Louise’s Story: Finding her independence again


Kelly Maloney remembers meeting Louise for the first time two years ago – “she was spunky, intelligent and had a sparkling light behind her eyes.” Louise was living in an apartment geared towards individuals with disabilities. Louise is deaf and has cerebral palsy. Louise’s sister Faith is her primary caregiver, managing her day-to-day living, and she also has an amazing extended family that supports her.

Kelly is a Recreationist in the Adult Day Program at VON Oxford, but also worked one-on-one with Louise through the VON Passport Program; providing additional support for Louise once a week. At that time, Louise could perform activities of daily living, do her own laundry and would get on the bus to go swimming at the YMCA.

Around May 2017, everything changed. They don’t know what happened, but all of a sudden Louise couldn’t do anything for herself. The light in her eyes went away. She refused to eat, couldn’t perform simple tasks, and lost weight. Louise was hospitalized and they had numerous tests done. Everything came back normal.

Her sister Faith, took her into her home, cared for her around-the-clock and made every attempt to make her well again but she wasn’t coming out of it. At one point, they thought they were going to lose her completely. After months of little progress, it was the Local Health Integration Network (LHIN) that recommended Louise participate in the Adult Day Program at VON Oxford.

Faith began to take Louise to the Ingersoll Adult Day program three days a week because Kelly worked out of that location primarily. She then started coming to the Woodstock location every Friday as well.

Kelly’s goal for Louise was to encourage independence. It meant structured activities and they worked on improving and strengthening all of her cognitive, social, emotional and physical functions “We would put a spoon in her hand as a starting point,” says Kelly.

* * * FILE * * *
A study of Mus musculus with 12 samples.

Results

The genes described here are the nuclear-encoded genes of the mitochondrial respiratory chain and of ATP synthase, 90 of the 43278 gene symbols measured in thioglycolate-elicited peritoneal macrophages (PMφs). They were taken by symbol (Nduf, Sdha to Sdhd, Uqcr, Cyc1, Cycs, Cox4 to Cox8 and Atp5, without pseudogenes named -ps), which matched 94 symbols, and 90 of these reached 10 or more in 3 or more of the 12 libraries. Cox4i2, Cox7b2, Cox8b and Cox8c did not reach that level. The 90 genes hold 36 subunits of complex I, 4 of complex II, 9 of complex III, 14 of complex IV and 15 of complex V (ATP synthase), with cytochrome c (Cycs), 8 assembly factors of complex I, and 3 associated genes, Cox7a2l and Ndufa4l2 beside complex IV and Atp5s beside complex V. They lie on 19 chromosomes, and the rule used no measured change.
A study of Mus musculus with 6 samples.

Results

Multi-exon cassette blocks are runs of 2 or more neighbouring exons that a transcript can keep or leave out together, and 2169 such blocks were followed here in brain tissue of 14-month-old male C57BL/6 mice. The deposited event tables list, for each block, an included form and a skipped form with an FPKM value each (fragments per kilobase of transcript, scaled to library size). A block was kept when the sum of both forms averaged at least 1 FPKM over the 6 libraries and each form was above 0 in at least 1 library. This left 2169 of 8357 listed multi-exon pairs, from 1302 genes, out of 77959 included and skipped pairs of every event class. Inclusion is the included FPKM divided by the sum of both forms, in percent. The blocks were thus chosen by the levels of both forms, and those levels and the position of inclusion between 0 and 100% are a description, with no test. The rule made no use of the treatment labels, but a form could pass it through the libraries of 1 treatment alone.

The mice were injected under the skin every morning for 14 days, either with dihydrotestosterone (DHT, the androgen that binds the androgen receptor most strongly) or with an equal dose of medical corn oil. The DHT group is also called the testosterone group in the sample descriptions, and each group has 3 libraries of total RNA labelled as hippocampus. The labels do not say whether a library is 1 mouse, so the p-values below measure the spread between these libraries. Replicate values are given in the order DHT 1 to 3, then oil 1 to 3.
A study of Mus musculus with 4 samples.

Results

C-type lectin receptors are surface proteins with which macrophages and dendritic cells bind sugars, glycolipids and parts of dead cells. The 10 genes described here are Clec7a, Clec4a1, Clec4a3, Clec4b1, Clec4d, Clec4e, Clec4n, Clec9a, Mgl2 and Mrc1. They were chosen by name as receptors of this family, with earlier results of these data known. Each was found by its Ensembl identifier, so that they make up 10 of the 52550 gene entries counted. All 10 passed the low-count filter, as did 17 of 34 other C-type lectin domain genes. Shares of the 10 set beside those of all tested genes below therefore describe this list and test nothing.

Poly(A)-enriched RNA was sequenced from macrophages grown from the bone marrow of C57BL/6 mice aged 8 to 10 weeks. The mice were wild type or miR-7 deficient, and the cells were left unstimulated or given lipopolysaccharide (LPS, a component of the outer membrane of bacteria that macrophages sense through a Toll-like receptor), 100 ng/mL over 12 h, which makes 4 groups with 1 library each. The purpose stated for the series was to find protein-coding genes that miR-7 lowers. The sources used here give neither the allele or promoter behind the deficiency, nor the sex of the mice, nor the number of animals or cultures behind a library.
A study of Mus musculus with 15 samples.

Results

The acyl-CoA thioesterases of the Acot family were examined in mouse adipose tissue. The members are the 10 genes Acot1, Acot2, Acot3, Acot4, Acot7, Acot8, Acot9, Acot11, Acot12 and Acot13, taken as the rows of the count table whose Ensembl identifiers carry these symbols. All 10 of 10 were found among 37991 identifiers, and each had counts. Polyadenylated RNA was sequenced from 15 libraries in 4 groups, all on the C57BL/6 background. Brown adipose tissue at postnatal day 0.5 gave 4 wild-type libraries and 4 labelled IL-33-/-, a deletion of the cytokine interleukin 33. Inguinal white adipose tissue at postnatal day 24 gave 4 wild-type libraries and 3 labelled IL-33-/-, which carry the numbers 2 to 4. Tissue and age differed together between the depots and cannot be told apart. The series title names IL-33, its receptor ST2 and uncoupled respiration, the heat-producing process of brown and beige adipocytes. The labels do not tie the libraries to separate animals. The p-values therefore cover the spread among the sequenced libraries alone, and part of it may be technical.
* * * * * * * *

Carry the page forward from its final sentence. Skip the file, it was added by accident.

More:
Kelly believes that “structure was one of Louise’s main tools in her healing.” It took almost a year of the Adult Day program to see Louise’s light come back. She’s now back in her apartment and is doing her own laundry and dishes again. “She used to sit on the edge of the group and now she sits in the middle,” says Kelly. “Her spunk is back. Everybody in the group noticed the differences.”

“This is why I believe so strongly in care-giving and in recreation. Louise was able to find her independence again,” says Kelly. Kelly says that “We are just one piece of her healing – a great piece. But, it was Faith who never gave up on Louise. She worked hard and was her best advocate.”

Faith says “she can’t say enough about how VON staff assessed her needs and met her right where she was and continued to adapt to her changes. The whole team worked together incredibly well, always upbeat and positive.”

Accreditation Canada is an independent, not-for-profit organization that consults with experts to develop health care standards based on best practices. They accredit a wide range of health care and social services providers, including hospitals, nursing homes, long-term care facilities, clinics, and community health programs. Accreditation Canada has been helping providers improve health care quality and safety for more than 55 years.